The Turkish Taboo

The Armenian Genocide refers to the deliberate and systematic destruction of the Armenian population of the Ottoman Empire during and just after World War I. It was implemented through wholesale massacres and deportations, with the deportations consisting of forced marches under conditions designed to lead to the death of the deportees. The total number of resulting Armenian deaths is generally held to have been between one and one and a half million. Other ethnic groups were similarly attacked by the Ottoman Empire during this period, including Assyrians and Greeks, and some scholars consider those events to be part of the same policy of extermination. It is widely acknowledged to have been one of the first modern genocides, as scholars point to the systematic, organized manner in which the killings were carried out to eliminate the Armenians, and it is the second most-studied case of genocide after the Holocaust. The word genocide was coined in order to describe these events. [ Rechtehinweis: picture alliance/CPA Media ]
The Armenian Genocide refers to deliberate murder of the Armenian population of the Ottoman Empire during and just after World War I.
  • Why it matters

    Why it matters

    A planned vote by the German parliament to classify the persecution of the Armenians at the end of World War I as genocide will likely inflame Berlin’s already tense relations with Ankara.

  • Facts


    • As many as 1.5 million Armenians died in massacres and death marches in the Ottoman Empire from 1915 to 1917.
    • In 1987, the European Parliament labeled the persecution of the Armenians as genocide; In 2011, the French National Assembly made denying the Armenian genocide an offense punishable by law.
    • On Thursday, the German parliament, the Bundestag, is voting on whether to also recognize the killings as genocide.

As a leader who likes to bask in the bygone glory of the Ottoman Empire, Mr. Erdogan reacts all the more indignantly when this supposed golden era is tarnished.

And the German Bundestag is threatening to do just that with its planned vote on a resolution labeling the persecution of the Armenians during World War I as genocide.

The vote hasn’t even happened yet and the resolution is straining the already tense relationship between Ankara and Berlin. Turkish groups have protested and Mr. Erdogan’s spokesman warned the Bundestag against “political exploitation” of the Armenian subject.

The debate in Turkey isn't helped by lectures from the outside like the Bundestag resolution.

Though the exact number of victims is still a subject of debate, most serious historians estimate that up to 1.5 million Armenians perished in the Ottoman Empire from 1915 to 1917. They were either massacred or died of thirst in death marches through the Mesopotamian desert.

For the Ottomans, the Christian Armenians were considered a fifth column due to their close ties to Russia, Istanbul’s war-time enemy.

The tragedy remains taboo in Turkey and is regularly minimized. Ankara claims that 200,000 Armenians died due to “sickness and the confusion of war,” not because of systematic persecution.

Turkey has political motivations for doing so. Officially calling the persecution of the Armenians genocide would not only enrage nationalist Turks, it would also open the door to reparation claims.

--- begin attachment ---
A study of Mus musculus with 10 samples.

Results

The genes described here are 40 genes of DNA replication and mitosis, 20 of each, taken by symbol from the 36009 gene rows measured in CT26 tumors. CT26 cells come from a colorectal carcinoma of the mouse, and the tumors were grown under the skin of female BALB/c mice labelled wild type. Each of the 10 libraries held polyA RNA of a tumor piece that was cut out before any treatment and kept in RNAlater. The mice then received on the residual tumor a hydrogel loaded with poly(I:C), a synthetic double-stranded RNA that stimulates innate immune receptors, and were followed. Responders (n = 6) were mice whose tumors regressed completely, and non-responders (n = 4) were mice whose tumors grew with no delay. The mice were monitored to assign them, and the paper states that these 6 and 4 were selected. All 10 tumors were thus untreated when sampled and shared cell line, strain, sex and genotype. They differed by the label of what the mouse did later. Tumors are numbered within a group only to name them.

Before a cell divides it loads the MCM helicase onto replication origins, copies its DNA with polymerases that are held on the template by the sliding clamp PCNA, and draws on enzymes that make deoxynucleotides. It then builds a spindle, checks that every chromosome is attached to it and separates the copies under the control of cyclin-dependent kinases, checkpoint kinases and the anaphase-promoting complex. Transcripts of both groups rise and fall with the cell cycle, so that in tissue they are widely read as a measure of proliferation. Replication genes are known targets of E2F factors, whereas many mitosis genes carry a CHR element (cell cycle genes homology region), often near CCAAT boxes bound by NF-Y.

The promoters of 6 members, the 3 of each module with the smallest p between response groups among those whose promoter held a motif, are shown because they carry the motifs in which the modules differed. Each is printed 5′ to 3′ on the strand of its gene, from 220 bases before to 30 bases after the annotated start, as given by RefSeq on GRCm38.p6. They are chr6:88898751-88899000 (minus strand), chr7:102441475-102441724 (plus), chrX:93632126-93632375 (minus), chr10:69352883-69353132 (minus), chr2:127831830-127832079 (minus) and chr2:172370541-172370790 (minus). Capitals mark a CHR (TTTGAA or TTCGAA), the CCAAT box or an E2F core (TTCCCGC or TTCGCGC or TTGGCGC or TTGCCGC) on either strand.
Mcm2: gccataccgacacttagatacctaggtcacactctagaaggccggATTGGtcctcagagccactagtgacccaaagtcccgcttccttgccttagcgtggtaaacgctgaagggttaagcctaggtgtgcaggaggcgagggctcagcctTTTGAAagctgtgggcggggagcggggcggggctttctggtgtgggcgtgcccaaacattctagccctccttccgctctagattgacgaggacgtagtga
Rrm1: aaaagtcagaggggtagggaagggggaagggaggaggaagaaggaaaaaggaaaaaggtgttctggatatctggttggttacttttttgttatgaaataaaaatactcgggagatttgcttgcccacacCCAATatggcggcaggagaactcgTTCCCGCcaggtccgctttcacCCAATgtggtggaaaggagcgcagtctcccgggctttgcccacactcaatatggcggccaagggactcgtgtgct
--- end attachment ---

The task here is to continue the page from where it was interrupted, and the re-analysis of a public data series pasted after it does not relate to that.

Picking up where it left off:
There are good reasons for Germany to classify the massacres as genocide – as most historians do. Diplomats of the German Empire knew about the massacres. Berlin condoned them and covered for its war-time Ottoman allies.

That makes Germany an accomplice to the massacres. One could argue that this gives the Bundestag a legitimate reason, even a responsibility, to debate the issue.

But is the legislature really the best venue for this?

The question of whether or not the persecution of the Armenians amounts to genocide is not one for politicians to answer. It’s a question for historians.

The supporters of the Bundestag resolution argue that they want to push Turkey to finally confront this chapter of its history. And this kind of historical soul searching is indeed urgently needed. But the resolution will have the exact opposite effect: It’s counterproductive.

In 1987, the European Parliament classified the massacres as genocide. Numerous national parliaments followed suit. The French National Assembly passed a law in 2011 that made denying the Armenian genocide a punishable offense.

Last year, Pope Francis called the persecution of the Armenians “the first genocide of the 20th century.” And German President Joachim Gauck has used similar language.

None of this has had any real impact; the battle-lines of have only hardened. That goes for Ankara’s relations with the 60,000 Armenians who live in Turkey as well as Armenia itself.

Turkish civil society has begun to address the issue not because of pressure from abroad, but because of the 2007 murder of Armenian civil rights activist Hrant Dink by a Turkish nationalist. The debate in Turkey isn’t helped by lectures from the outside like the Bundestag resolution.

The argument also doesn’t hold up that the intent of the resolution isn’t to level accusations against Turkey, but is instead to recognize the Armenians as victims of genocide.

Critics warn that a vote on the resolution will only hinder Turkey’s reckoning with its history. This concern is justified. And the Armenians would be the first to feel the effects of such a hardening of attitudes.